Learn German

Want to Learn German? Here’s How I Did It.

In 1987, I decided I was going to put forth a major effort to learn German. I’m going to explain that to you in detail.

 

Long before I decided that I was going to learn German, I did have exposure to the language. My parents were from Czechoslovakia and they spoke German at home, although they spoke English with my brother and me. So I had heard German, but I couldn’t speak it.

 

In my twenties I worked on a German ship for two weeks hitchhiking over to Europe. I also hitchhiked around in Germany. I even worked for two weeks on a construction site in Vienna, so I had some use of German but it was very rudimentary.

 

In 1987 I was between jobs. I had a month off and I said, you know what? I really want to learn German. Prior to getting on that German boat, I had looked through a German grammar book. Even at this time it struck me that it was just impossible to remember all of those grammatical rules. This was in 1987, long before I had heard of Stephen Krashen, input, or LingQ. I told myself, I need to read. I need to read to get a sense of this language. I need to get the language in me. So let me show you what I did.

First of all, I went to the second-hand bookstores here in Vancouver and I found this old book from the University of Southern California published in 1959. Someone actually took the time to go through this book and write down translations. This was really helpful for me as a new learner because I didn’t have to flip back to look up words.

 

 Then I read “Deutsche Kulturgeschichte” by Hans-Wilhelm Kelling. I love history, so I loved this book. This book, however, did not have a glossary, so it was more difficult to read and I just let whatever words I didn’t know fly over my head. I read many other books during this time in my life, but you get the point.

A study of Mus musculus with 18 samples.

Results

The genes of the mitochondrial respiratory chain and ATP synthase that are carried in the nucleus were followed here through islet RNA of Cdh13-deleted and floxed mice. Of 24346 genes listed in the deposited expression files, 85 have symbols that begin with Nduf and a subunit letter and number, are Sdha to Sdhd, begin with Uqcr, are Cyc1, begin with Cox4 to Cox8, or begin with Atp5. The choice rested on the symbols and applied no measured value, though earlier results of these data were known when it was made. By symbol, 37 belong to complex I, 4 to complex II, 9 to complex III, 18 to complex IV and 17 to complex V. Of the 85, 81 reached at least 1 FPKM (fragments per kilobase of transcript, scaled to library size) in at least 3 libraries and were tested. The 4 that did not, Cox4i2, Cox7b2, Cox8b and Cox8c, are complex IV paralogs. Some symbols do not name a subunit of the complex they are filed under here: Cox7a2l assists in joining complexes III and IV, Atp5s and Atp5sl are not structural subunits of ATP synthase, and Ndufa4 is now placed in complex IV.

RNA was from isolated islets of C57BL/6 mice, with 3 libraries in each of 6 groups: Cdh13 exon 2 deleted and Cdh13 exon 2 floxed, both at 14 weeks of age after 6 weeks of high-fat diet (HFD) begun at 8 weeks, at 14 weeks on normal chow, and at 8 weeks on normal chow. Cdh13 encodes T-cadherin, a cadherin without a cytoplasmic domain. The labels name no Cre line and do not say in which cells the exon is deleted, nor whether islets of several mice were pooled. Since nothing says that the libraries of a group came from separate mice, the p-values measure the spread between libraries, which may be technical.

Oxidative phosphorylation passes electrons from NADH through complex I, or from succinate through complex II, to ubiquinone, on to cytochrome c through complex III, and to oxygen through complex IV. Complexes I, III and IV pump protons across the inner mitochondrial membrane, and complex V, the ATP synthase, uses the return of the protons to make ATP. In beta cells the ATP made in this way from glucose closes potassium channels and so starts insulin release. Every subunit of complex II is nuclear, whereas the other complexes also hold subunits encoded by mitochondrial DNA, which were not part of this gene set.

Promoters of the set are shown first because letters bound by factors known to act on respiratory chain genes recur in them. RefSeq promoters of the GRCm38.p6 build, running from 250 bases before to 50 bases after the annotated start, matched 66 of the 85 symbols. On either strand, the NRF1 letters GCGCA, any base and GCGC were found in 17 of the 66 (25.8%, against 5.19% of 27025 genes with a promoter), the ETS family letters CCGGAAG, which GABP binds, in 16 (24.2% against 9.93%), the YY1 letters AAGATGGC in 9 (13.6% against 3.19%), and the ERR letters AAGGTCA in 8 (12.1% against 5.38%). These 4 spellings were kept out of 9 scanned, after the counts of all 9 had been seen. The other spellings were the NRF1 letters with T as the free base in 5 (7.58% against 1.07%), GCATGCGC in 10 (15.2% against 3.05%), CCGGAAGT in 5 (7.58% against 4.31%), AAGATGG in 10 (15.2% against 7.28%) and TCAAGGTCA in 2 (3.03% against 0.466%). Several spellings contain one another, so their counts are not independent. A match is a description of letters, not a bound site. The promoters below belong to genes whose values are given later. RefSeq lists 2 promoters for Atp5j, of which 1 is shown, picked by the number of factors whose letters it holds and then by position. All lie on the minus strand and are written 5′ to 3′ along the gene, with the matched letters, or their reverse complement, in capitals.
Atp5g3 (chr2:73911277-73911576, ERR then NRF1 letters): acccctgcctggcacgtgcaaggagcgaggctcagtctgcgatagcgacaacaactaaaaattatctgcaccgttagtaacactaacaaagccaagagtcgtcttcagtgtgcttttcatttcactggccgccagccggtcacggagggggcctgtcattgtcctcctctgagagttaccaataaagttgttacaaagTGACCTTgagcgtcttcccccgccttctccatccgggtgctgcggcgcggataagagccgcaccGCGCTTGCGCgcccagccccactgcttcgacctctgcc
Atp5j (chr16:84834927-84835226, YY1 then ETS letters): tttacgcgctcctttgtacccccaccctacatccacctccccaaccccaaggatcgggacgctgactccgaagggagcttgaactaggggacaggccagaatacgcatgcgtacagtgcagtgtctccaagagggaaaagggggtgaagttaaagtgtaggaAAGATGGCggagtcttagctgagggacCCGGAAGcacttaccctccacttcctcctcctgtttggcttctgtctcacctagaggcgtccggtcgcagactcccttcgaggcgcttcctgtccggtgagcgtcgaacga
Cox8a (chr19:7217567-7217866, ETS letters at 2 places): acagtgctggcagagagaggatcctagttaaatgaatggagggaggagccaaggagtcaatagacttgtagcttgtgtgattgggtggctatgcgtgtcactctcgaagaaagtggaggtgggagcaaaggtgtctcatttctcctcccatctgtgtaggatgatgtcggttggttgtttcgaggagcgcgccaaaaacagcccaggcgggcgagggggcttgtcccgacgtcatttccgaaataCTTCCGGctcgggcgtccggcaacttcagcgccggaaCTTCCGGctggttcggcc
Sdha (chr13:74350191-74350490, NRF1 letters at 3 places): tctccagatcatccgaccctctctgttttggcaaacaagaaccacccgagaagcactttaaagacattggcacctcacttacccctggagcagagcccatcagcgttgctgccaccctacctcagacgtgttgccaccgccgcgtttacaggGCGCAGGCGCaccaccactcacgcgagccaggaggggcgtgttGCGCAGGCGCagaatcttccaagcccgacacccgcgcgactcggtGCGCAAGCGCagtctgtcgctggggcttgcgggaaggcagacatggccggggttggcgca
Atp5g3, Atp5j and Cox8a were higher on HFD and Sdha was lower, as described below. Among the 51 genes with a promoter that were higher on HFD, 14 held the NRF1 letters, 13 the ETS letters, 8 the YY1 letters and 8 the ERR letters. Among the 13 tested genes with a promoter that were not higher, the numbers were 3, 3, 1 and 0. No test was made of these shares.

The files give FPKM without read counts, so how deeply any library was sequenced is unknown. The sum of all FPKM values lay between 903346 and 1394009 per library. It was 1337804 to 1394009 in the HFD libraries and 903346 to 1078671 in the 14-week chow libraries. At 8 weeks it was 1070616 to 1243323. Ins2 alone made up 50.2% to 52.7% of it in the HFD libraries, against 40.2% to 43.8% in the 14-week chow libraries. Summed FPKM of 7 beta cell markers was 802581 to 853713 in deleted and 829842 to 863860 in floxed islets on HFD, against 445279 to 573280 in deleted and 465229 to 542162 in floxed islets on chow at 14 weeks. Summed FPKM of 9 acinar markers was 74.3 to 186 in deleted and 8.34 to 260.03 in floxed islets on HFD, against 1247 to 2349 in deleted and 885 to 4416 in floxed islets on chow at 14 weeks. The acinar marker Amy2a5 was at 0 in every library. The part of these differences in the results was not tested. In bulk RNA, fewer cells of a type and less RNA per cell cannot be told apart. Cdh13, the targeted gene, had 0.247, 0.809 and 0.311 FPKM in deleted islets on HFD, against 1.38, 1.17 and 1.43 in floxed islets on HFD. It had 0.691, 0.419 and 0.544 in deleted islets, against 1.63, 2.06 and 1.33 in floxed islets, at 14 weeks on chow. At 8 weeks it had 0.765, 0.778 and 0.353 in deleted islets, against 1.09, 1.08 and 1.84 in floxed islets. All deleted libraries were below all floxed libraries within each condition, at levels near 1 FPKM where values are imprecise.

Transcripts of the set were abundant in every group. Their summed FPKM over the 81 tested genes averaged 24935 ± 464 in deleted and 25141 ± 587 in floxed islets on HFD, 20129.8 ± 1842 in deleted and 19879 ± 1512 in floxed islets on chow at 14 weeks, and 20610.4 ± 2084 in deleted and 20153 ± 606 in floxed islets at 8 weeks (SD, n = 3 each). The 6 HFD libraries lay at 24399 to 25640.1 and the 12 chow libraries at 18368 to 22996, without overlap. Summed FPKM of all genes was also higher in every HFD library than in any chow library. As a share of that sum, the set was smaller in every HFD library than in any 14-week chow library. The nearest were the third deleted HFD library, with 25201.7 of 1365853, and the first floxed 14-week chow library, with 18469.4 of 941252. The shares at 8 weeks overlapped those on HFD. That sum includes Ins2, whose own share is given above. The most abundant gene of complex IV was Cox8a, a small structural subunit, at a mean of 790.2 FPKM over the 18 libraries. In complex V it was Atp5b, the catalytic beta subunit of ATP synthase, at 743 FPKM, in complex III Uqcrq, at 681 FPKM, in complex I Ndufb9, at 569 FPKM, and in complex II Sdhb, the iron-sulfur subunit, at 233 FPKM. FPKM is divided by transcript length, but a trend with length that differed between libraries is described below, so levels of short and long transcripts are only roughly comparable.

At some point along the way I found a cassette tape series of interviews. These were interviews on German radio where they would interview normal people. This was the best. I listened to it over and over again. If I get a hold of audio material that I find interesting, it’s almost like music. And even if I don’t fully understand it, I just listen over and over again.

 

The world is different now. It has never been easier to find content that interests you. You can go out and find endless text and audio material which can be imported into LingQ to read and listen to. I used to have to go to Germany and find CDs to listen to. These days it is much easier to find material. However, there is one drawback to purchasing modern books: very often they prevent you from downloading the text or audio, even if you’ve paid for it, which is very unfortunate.

 

Learn German on LingQ

Now, let’s take a look at my activity level learning German on LingQ. I have never spent a tremendous amount of time learning German on LingQ. However, if I look at my all-time stats, we can get a sense of the level of my activity. So here’s the growth of my known words, which on LingQ is some 33,000. The year 2009 seemed to be a pretty active period for me. I was very active again for some reason in 2016.

 

So in terms of my LingQs created, I’ve got a total of 13,000 words that I have looked up, but the known words total is  28,340. That means there are many words that I simply didn’t bother looking up because I knew them already.

 

This is what I have done to improve my German since learning the language in 1987. However, my German is still not as good as I would like it to be. I have spoken to German people here and there. I’m a bit shy about my German, but if I have to speak I speak. As is the case with many of my languages, I would like to be better. 

 

On the other hand, I brought my German from a very rudimentary level up to a level where I can understand, I can read books for pleasure, and can speak to people. With a little bit of effort, I can bring it back to where it was before and improve it beyond that level. This is the level that I like to get my languages to call it sort of a dormant B2 level. Once you’re there, you don’t lose that much, even if you don’t use the language or read in the language. I like to have my languages parked at that dormant B2 level so that I can learn new languages, then when the opportunity or the need arises, go back and recover those languages that I have studied before.